A LITTLE BOY WITH A BIG HEART
A series of three open-heart surgeries saved Thelo Smoot.
Thelo was born with hypoplastic left heart syndrome, a rare congenital heart defect in which the left side of the heart is severely underdeveloped and cannot pump oxygen-rich blood to the body properly. According to the Centers for Disease Control and Prevention, about one out of every 4,344 babies in the U.S. is born with this syndrome.
In August 2017, he underwent his third open-heart surgery to improve his cardiac function at Duke Children’s. “Before the surgery, only half of his blood was oxygenated, and that compromised his ability to run and play,” says Lori Smoot, Thelo’s mom.
“A year ago, I would not have imagined him playing in the playground for that long. After 15 minutes he would have been done. The surgery has helped him have more oxygen, muscle, strength, and balance.” - Lori Smoot, Thelo’s mother
HEARTBREAK IN SOUTHEAST ASIA
In 2012, Smoot and her husband were living in Dehradun, India with their three children. Shortly after becoming pregnant with their fourth child, Thelo, he was diagnosed with narrow aorta—the major artery that carries blood to the body. The doctor recommended terminating the pregnancy. “It was a heartbreaking way to learn how serious my son’s heart disease was.”
The Smoots did not give up. They returned to the U.S. and came to Duke for comprehensive care and further evaluation. It was here that Thelo was diagnosed with a variant of hypoplastic left heart syndrome. When he was born prematurely in the 36th week, Thelo’s heart was far from perfect. Just nine days after he was born, he underwent the first of three open-heart surgeries.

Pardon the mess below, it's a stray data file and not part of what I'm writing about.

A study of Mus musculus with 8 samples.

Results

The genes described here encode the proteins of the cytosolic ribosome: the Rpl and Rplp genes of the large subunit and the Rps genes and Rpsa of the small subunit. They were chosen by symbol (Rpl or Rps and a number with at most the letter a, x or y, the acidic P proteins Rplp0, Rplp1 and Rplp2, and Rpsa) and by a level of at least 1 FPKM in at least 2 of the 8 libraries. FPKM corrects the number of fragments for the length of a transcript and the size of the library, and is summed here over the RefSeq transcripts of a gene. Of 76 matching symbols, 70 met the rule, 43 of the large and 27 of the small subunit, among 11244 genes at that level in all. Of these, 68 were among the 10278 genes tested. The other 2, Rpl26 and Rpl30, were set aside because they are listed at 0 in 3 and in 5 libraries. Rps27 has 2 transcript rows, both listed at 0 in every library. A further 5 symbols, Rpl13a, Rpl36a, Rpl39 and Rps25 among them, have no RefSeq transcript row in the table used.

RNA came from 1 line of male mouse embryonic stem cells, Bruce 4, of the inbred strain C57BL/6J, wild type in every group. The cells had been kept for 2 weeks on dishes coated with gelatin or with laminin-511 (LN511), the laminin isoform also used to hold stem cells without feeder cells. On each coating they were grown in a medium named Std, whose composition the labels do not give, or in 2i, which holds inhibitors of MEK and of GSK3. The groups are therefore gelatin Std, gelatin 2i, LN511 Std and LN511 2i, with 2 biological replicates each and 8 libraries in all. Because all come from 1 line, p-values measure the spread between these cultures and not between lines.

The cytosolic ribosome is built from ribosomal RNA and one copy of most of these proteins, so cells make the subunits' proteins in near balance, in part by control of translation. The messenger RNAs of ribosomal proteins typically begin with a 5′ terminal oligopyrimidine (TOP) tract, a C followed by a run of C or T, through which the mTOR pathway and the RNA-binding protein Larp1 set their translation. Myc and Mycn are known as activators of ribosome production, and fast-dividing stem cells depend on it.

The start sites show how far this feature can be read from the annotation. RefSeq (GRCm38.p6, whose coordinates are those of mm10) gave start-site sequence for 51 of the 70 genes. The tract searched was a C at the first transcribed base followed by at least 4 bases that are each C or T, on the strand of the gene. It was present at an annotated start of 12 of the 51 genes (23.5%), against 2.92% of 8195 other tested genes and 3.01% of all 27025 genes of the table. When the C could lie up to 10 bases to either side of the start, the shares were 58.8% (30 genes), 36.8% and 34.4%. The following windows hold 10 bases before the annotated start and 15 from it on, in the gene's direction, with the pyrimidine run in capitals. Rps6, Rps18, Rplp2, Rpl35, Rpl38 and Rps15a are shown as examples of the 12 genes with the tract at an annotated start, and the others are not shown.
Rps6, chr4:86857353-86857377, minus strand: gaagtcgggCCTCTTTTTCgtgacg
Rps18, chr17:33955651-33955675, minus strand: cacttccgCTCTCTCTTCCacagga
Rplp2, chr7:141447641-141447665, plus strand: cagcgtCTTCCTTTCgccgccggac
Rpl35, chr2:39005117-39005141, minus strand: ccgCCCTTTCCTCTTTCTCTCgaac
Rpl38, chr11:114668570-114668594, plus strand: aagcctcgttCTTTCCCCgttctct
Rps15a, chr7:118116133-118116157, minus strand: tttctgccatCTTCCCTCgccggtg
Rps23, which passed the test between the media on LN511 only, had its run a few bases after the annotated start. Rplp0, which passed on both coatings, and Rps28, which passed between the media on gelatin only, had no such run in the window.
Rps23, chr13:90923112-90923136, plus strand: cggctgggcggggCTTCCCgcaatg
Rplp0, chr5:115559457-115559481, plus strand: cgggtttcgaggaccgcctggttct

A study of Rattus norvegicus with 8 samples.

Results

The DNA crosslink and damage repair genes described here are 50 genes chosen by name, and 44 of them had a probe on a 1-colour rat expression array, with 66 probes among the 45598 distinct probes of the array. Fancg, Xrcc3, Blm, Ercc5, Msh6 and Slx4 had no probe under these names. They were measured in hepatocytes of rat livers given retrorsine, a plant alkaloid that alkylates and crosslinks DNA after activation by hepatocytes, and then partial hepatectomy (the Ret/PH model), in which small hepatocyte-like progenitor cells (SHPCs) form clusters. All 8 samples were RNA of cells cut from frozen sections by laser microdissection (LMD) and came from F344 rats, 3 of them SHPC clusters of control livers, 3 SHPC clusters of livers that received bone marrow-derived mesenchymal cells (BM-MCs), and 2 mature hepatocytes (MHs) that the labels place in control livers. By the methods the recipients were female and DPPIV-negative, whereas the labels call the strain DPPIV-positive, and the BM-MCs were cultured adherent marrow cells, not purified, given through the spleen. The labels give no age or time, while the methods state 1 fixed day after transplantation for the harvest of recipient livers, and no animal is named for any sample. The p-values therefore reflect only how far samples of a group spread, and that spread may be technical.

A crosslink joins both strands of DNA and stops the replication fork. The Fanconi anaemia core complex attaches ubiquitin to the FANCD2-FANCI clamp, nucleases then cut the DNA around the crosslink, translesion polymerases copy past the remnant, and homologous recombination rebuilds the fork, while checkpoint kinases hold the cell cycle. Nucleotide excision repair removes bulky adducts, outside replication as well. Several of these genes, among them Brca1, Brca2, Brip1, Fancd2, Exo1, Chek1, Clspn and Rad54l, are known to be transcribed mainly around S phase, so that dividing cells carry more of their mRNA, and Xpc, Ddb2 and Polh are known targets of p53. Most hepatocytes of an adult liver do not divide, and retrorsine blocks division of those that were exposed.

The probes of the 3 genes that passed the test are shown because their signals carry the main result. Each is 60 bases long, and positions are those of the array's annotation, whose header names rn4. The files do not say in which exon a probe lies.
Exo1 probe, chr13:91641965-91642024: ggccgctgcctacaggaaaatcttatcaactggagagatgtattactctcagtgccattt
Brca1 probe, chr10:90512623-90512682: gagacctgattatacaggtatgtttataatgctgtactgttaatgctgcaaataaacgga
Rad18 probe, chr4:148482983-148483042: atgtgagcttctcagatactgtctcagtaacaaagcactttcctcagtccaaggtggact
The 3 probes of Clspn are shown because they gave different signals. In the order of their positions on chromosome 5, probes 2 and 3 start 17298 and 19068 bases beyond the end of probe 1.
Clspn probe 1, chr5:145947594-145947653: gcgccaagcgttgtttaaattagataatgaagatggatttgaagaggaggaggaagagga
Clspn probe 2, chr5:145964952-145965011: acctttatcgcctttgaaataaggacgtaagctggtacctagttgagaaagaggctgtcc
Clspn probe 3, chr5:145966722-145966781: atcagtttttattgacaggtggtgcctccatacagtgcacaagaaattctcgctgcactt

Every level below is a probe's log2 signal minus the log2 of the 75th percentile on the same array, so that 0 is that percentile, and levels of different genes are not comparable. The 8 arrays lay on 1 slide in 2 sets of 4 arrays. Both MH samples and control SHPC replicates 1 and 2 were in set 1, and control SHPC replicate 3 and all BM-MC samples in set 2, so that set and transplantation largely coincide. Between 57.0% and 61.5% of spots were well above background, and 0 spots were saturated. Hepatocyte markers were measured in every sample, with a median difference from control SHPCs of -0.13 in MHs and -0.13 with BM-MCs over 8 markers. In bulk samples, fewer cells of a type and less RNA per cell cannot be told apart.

HOPES FOR THE FUTURE
When he was four months old, Thelo underwent a second surgery, called a bidirectional Glenn, to redirect blood flow to his lungs. But at 16 months old Thelo had colds constantly, struggled to maintain his body temperature, and experienced heart failure. Thelo and his mom were flown by medical transport to Duke just after his second birthday, and he was listed for a heart transplant.
His third open-heart surgery was successful, and together with changes in his nutrition, he feels better now and currently does not need a new heart. “We know that over time his ventricle could get weaker and he could end up needing a heart transplant, but we are hoping that if that ever happens, it will be decades down the road,” says M. Jay Campbell, MD. “He is doing well, and we are hoping that he lives a long and happy life.”
“We performed the Norwood procedure to reconstruct a new aorta that will allow blood flow to his body. Without the surgery he would not have survived.”